The serum levels of thyroid hormones (Hyperthyroidism) or

The thyroid gland is located anteriorly in
the neck with the main secretions being T3 and T4 hormones which act as metabolic
regulators in the body. Its functions are regulated by the pituitary gland found
within the brain and it is via a negative and positive feedback mechanism.  The hormone that takes part in this
regulation is thyroid stimulating hormone (Brent, 2012). 
This makes it an important organ in the body whose dysfunction can lead
to serious morbidity and, therefore, proper management is paramount.

Background

that affect the thyroid are classified as either primary (the pathology is
intrinsic to the gland) or secondary (pathology is extrinsic to the gland;
commonly in the pituitary gland). Diseases symptoms can range from debilitating
to sub-clinical to asymptomatic and each can result in either an increase in
the serum levels of thyroid hormones (Hyperthyroidism) or decrease in levels of
thyroid hormones (Hypothyroidism).  Both
these disease states manifest with differing signs and symptoms such as weight
loss, too much sweating, intolerance to heat and problems with the eyes among others
for hyperthyroidism, while hypothyroidism manifest as unintended gain of weight,
intolerance to cold and myxedema among others. Examples of pathologies that
affect  the thyroid gland include grave’s
disease, thyroiditis, tumors, auto-immune conditions like hashimoto’s
thyroiditis according to, iodine deficiencies etc. (Stathatos & Daniels, 2012).

Drugs
used in Treatment of Symptoms

As stipulated by Jonklaas et al. (2014),
the treatment of thyroid diseases is dependent on the specific etiology and the
clinical signs apparent on the patient and range from surgical, medical and
conservative in sub-clinical cases. Drugs used in the treatment and management
of Hyperthyroidism include anti-thyroid drugs such as Carbimazole, methimazole,
propylthiouracil which are started at high doses. These can help achieve
euthyroid states within 14 days of use. Beta-blockers like propranolol are also
used to control the hyper-metabolic symptoms. Other drug options include oral
radioactive iodide that is absorbed by the thyroid gland and results in
down-regulation of thyroid hormone synthesis. Hypothyroidism that due is to
iodine deficiency is managed by giving iodine supplements either in food or in
tablets. The drug levothyroxine is also used to increase  levels of serum thyroid hormone to baseline.

Other causes of thyroid dysfunction are
immune related like hashimoto’s while others are due to infections that cause
inflammation of the thyroid gland such as thyroiditis. These can be treated
with non-steroidal anti-inflammatory drugs (NSAIDs), levothyroxine and
corticosteroid prednisolone to reduce thyroid inflammation.

Effects
of age on thyroid Medications

The pharmacodynamics and pharmacokinetics
of drugs are affected by patients’ ages and as such, in the extreme age-groups,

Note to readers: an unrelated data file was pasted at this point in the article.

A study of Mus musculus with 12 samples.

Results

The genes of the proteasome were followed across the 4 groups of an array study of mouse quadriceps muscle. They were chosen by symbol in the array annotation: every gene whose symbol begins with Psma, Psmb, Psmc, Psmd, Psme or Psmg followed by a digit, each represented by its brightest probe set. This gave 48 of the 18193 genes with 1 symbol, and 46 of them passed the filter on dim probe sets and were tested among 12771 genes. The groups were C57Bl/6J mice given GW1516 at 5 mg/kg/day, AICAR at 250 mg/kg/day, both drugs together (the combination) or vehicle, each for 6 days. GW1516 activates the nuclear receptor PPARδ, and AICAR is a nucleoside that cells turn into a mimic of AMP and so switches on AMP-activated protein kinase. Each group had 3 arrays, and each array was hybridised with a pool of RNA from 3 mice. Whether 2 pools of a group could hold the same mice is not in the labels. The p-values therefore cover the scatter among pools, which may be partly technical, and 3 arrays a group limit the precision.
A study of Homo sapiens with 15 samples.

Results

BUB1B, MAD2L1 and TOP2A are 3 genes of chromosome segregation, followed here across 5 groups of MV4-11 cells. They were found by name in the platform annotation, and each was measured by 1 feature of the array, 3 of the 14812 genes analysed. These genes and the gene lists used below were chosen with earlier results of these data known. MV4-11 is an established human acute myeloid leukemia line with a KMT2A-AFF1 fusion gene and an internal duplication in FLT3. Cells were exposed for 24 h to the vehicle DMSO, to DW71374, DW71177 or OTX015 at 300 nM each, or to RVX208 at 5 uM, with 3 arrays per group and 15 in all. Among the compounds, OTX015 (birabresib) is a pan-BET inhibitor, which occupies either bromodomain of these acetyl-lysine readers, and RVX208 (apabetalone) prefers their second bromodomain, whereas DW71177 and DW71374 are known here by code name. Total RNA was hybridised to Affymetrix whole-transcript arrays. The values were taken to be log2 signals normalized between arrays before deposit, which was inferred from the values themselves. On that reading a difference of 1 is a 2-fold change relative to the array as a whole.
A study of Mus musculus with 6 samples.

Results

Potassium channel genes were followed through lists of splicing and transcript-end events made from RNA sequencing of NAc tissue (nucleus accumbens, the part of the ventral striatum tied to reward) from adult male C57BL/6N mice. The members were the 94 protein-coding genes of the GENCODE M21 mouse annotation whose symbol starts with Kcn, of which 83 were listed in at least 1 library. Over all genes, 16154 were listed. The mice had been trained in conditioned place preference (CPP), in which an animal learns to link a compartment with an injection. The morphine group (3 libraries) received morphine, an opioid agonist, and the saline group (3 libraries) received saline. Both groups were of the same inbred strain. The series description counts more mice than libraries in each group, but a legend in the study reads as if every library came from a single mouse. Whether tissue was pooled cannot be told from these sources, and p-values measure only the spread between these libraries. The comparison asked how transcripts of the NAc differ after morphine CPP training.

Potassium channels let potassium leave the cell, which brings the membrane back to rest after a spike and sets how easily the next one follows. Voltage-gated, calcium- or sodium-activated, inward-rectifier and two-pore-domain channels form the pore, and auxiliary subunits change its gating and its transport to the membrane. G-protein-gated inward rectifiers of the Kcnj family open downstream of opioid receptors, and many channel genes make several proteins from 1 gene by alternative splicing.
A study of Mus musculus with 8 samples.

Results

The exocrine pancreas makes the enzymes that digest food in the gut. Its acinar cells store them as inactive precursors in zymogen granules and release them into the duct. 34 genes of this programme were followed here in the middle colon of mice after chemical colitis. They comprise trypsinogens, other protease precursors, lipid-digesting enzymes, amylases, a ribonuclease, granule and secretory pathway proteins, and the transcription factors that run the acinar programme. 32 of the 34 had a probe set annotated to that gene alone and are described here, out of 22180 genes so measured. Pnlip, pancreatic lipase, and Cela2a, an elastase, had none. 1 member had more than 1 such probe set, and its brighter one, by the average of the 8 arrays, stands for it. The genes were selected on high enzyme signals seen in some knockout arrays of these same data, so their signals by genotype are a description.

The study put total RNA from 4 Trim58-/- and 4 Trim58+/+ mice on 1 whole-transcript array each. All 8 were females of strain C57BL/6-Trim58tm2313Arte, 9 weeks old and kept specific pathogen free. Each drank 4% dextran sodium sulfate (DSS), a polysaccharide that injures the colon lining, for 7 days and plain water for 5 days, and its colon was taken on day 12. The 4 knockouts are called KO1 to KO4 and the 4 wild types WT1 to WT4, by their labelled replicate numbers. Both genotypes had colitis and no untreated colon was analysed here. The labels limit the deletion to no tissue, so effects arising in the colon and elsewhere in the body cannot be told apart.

differences in the elimination rates, drug metabolism, and compositions of body
might affect the bioavailability, duration of action, the route and methods of
administration and even the dosage of drugs which alternatively affects the
workings of drugs in those groups. The drugs that are majorly eliminated via
the kidneys end up remaining in the body for longer if the renal system is
impaired in any way such as in the elderly population. The result is an
enhancement in the magnitudes of side effects and prolongation of their
durations of action. In addition, the elderly have reduced body water and as
such, some drugs might be administered differently, which will directly or
indirectly impact on bioavailability.

Reducing
Side Effects of Drugs

As with any other drug, drugs used in
the treatment of thyroid disease also do have side-effects. Corticosteroids used
for management of autoimmune thyroid disease can have many side effects on
almost all systems in the body including but not limited to osteoporosis, hypertension,
gastrointestinal symptoms and increased susceptibility to infections (Pandya, Puttanna, & Balagopal,
2014).
The commonest side-effects of the anti-thyroid drugs is a rash that subsides as
soon as the drug is withdrawn.  Propylthiouracil
also has a small risk for hepatotoxicity and as such, liver function tests are
necessary to ensure it is not damaged. Methimazole can cause aplastic anemia
and thrombocytopenia; reducing this effect involves doing full blood counts to
identify problems with the marrow as soon as possible. Other side effects of
thyroid drugs like headaches and upset of the gastrointestinal system can be
managed by educating the patients on the expected effects and advising them to
visit a hospital if the side effects persist or become worse..

Conclusively, it is important to educate
the patient on the possible side effects of the drugs given and advise them to
seek immediate medical help in case of any unusual symptoms. Thyroid diseases are
chronic and require cooperation between the health care provider and the
patient if adequate remission it to be achieved.